Have you ever noticed clashes among disability advocates over which issues are most important to address? Have you ever felt overwhelmed when trying to decide what advocacy issues most urgently require your attention? You’re not alone. In this episode, we talk about prioritizing advocacy in light of current events. A transcript for this episode can be found here.
How do we even begin to figure out how we can go about prioritizing advocacy?
Ponder this: advocates fought like hell to block the nomination of Betsy DeVos for Secretary of Education. She was nominated anyway. What’s the next cause disability advocates should take on? Where will we be heard?
There’s another layer to this conundrum. We supposed to be a “disability community,” but more often than not, our advocacy priorities are at odds with other people who also count themselves as part of that community. We recognize that our overarching goals are the same: access and inclusion. Unfortunately, here’s where the similarities often hit a wall. The best ways to reach these goals will look different to everyone.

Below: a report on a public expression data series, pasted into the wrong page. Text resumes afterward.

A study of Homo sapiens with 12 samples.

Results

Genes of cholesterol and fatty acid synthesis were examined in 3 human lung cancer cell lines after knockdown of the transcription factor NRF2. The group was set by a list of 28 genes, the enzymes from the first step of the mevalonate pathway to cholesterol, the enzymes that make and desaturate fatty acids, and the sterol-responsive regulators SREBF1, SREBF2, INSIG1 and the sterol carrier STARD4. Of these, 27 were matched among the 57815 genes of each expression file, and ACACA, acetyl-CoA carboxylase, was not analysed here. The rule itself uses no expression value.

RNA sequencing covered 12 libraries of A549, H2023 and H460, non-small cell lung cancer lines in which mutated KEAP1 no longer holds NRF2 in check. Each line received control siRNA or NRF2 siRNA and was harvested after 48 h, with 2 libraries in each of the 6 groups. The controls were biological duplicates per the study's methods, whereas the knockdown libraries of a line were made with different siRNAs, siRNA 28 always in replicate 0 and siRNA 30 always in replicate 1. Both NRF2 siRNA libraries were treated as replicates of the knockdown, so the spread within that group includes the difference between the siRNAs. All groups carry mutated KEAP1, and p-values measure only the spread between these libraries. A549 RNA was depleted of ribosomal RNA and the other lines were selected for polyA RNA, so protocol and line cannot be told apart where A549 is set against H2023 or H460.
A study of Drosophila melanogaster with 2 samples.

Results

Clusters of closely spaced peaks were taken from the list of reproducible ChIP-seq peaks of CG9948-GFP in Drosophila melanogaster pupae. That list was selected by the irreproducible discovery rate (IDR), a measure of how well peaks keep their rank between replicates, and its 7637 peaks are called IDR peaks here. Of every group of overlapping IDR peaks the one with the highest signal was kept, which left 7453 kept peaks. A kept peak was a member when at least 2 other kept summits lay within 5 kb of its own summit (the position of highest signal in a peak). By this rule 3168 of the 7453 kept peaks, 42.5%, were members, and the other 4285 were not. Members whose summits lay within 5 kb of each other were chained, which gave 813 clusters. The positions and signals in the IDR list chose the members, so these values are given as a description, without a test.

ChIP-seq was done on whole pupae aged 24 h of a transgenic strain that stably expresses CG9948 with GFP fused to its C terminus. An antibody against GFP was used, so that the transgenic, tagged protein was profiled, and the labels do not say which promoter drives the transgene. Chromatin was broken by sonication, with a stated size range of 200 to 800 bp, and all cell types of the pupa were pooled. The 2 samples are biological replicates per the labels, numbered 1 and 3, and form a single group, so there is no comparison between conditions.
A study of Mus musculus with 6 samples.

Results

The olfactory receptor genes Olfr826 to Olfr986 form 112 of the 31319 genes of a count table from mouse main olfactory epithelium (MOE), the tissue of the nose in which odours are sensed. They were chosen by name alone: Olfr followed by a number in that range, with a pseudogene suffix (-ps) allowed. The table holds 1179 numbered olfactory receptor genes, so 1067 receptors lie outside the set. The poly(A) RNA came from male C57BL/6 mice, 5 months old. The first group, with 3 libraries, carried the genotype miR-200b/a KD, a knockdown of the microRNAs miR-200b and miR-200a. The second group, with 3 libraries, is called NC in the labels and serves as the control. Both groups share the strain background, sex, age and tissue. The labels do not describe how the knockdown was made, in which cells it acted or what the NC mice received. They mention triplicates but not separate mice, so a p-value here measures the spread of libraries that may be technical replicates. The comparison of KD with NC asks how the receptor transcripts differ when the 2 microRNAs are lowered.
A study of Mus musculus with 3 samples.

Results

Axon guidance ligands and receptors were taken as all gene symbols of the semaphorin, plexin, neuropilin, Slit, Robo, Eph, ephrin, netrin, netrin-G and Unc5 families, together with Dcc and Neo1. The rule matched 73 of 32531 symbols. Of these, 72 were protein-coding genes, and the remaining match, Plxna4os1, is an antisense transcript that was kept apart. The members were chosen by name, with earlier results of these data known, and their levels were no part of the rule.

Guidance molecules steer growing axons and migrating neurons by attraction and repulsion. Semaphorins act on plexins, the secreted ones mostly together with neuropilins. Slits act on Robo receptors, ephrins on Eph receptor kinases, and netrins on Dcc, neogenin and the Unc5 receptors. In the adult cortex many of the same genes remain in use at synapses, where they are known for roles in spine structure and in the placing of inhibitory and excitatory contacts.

Everyone wants a chance to grab the megaphone and speak their minds, but the resulting discord can create confusion among the people we want listening. And that gets us nowhere.
But the reality is that there’s a lot happening in the world that does require advocacy. We’re not all going to agree on what’s most important.
So, how can we decide where to direct our advocacy efforts? What can we do so our advocacy is more than just shouting into the void?
Now, more than ever, prioritizing advocacy is a crucial strategy if we want our voices heard.
i think if there is no barrier then advocacy and access doesn’t have to go together. disability can have other dimensions too instead of just being one. if you have a different need, you can request for access, so self advocacy can be one of the solution for disabled people.